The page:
DVD Review: Get A Life: The Complete Series

STUDIO: Shout! Factory | DIRECTORS: David Mirkin, Tony Dow, Dwayne Hickman, Tony Down and others | CAST: Chris Elliott, Bob Elliott, Elinor Donahue, Brian Doyle-Murray, Robin Riker, Sam Robards
RELEASE DATE: 9/18/12 | PRICE: DVD $59.97
“Paleyfest 2000” panel; featurettes with crew, executives, celebrity fans; writer featurette; episodes without laugh tracks; audio commentaries for each episode
SPECS: NR | 14 hours | Comedy | 1.33:1 widescreen | Dolby Digital Stereo

RATINGS (out of 5 dishes): Movie | Audio | Video | Overall


Chris Elliott is a hard comedian to categorize. The characters he created for the NBC Letterman show were odd, abrasive and very, very funny. His humor is an odd combination of intentionally idiotic physical comedy and razor-sharp lampoons (of “drop-in” bits on talk shows, ridiculous TV and music phenomena, and sitcom clichés). Enter his cult television series from the early 1990s, Get a Life.

The show lasted for only two seasons on the then-still-fledgling Fox network, but it has garnered a major cult following since it was axed by Fox in 1992. Four VHS tapes and two DVDs (consisting of the same eight episodes as the tapes) were previously released by Rhino, but this six-disc box represents the long-awaited release of the entire series.

Get A Life scene

Chris Elliott stars in Get A Life.

The good news is that the series is as good as most of us remember it being. There are scant few bad episodes in this series, which found Elliott playing a stubbornly dim-witted 30-year-old paperboy who lives at home with his parents (played by sitcom staple Elinor Donahue and Chris’s real-life dad, Bob Elliott, of the legendary radio comedy team Bob & Ray).

The few episodes that do resound with a crash can be excused because the bulk of the shows (35 of ’em!) are still fresh, lively, and very weird. GAL prefigured the nasty, surreal humor found today in numerous cable series, mostly notably those on Adult Swim — where Elliott can currently be seen on Eagleheart.

Online cultists debate which GAL episode is “the best,” but three stand head and shoulders above the rest: “Zoo Animals on Wheels” finds Chris starring in a wonderfully idiotic mash-up of Cats and Starlight Express; “SPEWEY and Me” is without question the most savage spoof of E.T. to ever appear in the mainstream; and “The Big City” is a wholly unique episode derived from the film Nothing Sacred, in which Elliott and his cast mates walk among an eye-popping array of back-projected, color street-level footage of Times Square in the Fifties.

Thus, fans of Elliott and the show can rejoice in this box’s appearance, replete with the original music that was used in the broadcast versions of the episodes, including REM, James Brown, The Bee Gees, Lulu, Sly and the Family Stone, Depeche Mode, and Cream. More troublesome, though, are the many supplements and audio commentaries included here (about a half a day’s worth!), all of which are centered around the show’s co-creator/director/scripter David Mirkin, and none of which contain contributions from either Chris or Bob Elliott, or the show’s other creator, Adam Resnick (Cabin Boy).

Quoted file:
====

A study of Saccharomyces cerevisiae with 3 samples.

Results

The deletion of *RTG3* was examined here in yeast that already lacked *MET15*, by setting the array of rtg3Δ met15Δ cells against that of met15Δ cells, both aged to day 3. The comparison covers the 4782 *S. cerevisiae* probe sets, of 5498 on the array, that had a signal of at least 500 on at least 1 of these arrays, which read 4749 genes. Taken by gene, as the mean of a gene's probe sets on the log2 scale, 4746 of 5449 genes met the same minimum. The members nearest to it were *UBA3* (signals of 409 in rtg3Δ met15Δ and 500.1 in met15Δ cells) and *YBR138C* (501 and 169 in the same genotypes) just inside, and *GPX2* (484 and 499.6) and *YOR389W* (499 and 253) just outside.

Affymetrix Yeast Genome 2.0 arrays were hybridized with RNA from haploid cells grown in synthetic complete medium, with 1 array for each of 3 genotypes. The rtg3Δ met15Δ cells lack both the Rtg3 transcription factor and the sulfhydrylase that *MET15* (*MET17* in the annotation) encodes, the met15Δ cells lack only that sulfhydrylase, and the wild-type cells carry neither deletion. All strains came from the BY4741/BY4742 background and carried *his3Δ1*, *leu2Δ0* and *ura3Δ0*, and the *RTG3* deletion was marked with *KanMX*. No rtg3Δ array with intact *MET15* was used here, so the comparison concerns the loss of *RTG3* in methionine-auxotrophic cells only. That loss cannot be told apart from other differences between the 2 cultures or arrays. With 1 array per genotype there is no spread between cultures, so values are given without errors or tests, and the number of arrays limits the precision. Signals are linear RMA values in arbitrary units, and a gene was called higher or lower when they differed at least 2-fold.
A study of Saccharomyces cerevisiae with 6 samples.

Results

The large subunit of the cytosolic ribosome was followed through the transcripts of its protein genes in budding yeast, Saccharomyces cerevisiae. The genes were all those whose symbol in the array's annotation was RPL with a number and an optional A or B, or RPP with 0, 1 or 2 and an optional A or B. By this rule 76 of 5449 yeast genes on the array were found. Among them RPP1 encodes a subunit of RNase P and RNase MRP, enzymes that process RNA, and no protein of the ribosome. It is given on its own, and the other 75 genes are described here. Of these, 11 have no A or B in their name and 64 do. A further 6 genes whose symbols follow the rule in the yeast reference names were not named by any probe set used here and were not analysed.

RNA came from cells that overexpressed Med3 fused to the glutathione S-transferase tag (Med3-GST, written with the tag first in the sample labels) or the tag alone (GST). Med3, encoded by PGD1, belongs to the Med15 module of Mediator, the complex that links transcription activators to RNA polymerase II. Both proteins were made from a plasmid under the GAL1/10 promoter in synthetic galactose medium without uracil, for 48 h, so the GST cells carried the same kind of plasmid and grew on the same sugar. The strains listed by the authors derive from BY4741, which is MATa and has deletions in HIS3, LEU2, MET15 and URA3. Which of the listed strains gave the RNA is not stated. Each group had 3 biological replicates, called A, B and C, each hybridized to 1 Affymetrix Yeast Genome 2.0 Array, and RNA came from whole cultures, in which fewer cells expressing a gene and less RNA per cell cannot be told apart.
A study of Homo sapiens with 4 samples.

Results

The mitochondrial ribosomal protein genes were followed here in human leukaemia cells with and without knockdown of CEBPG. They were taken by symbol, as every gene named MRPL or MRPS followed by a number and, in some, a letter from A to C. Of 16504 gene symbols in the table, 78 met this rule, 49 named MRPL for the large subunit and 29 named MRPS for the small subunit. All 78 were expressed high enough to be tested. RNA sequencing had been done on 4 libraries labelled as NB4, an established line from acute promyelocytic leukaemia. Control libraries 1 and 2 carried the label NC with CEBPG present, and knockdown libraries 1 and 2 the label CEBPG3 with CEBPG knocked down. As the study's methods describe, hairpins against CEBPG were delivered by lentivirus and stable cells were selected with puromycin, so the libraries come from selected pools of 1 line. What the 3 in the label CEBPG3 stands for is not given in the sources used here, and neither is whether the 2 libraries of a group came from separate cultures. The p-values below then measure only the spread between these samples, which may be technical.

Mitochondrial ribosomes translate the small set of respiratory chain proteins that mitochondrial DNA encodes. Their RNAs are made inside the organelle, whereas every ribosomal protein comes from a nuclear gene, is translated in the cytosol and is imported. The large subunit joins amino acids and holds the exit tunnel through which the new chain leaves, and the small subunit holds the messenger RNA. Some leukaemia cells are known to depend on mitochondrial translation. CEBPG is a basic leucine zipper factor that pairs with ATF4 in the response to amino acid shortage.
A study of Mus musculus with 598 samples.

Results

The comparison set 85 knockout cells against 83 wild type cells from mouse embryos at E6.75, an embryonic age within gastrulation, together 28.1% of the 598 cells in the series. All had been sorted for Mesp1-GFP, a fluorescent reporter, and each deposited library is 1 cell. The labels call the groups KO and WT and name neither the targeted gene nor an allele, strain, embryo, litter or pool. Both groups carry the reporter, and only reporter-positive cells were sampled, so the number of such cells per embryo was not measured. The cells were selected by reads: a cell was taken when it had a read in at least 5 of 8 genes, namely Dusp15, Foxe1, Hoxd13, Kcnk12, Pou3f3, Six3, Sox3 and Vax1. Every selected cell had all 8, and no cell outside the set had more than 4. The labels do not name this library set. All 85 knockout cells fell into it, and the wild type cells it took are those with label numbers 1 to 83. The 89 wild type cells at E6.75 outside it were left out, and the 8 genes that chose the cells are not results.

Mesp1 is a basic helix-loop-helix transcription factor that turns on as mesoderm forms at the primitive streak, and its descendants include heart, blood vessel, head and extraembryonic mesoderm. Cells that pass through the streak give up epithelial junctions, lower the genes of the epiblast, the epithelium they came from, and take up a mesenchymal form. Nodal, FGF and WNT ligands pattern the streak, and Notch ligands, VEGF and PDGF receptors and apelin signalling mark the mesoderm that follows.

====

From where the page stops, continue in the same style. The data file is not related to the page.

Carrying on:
Mirkin apparently decided that he should be the one to hold forth on the GAL box set. And hold forth he does — and hold forth, and hold forth…. All told, Mirkin appears as the main speaker in the nearly three hours of original on-screen featurettes included in the set and is front and center on the audio commentaries for all 35 episodes. One in fact reaches the third disc before Mirkin is joined by other commentators; in this case, GAL scripters Steve Pepoon and Jace Richdale.

Mirkin is a very talented individual, as is witnessed by his long-term work on The Simpsons and his wonderful scripting and direction on GAL episodes, including “The Big City.” However, Elliott’s skewed sensibility was clearly the driving force behind GAL, and his is the presence most fans of the series would’ve wanted on the supplements.

As it stands, the featurettes are most interesting when the other scripters, or GAL fans James L. Brooks (Broadcast News) and Judd Apatow (Bridesmaids), speak about the show. A panel held at the Paley Center in NYC back in 2000 is illuminating, but again the lion’s share of the clips from the event included here find Mirkin speaking, overshadowing the cast members who attended and the two GAL scripters who went on to prominence, Bob Odenkirk and filmmaker Charlie Kaufman (Being John Malkovich).

We will probably never know what prevented Elliott, his father and Resnick from contributing to this collection. This reviewer saw Elliott and Resnick announce during a Q&A at NYC’s Anthology Film Archives back in July 2005 that they were indeed in the midst of recording audio commentaries for a GAL box set at that time.

In any case, the fact that the series is finally legally available trumps all considerations of the Mirkin ego-fest found in the supplements. Get a Life was one of the strangest and funniest sitcoms to ever air on a non-cable network, and it has long deserved to be available to the DVD-buying public.

Buy or Rent Get A Life: The Complete Series

Ed Grant has written about film for a wide range of periodicals, books and websites. He edited the reference book The Motion Picture Guide Annual and, since 1993, has produced and hosted the weekly cable program Media Funhouse, which Time magazine called “the most eclectic and useful movie show on TV.”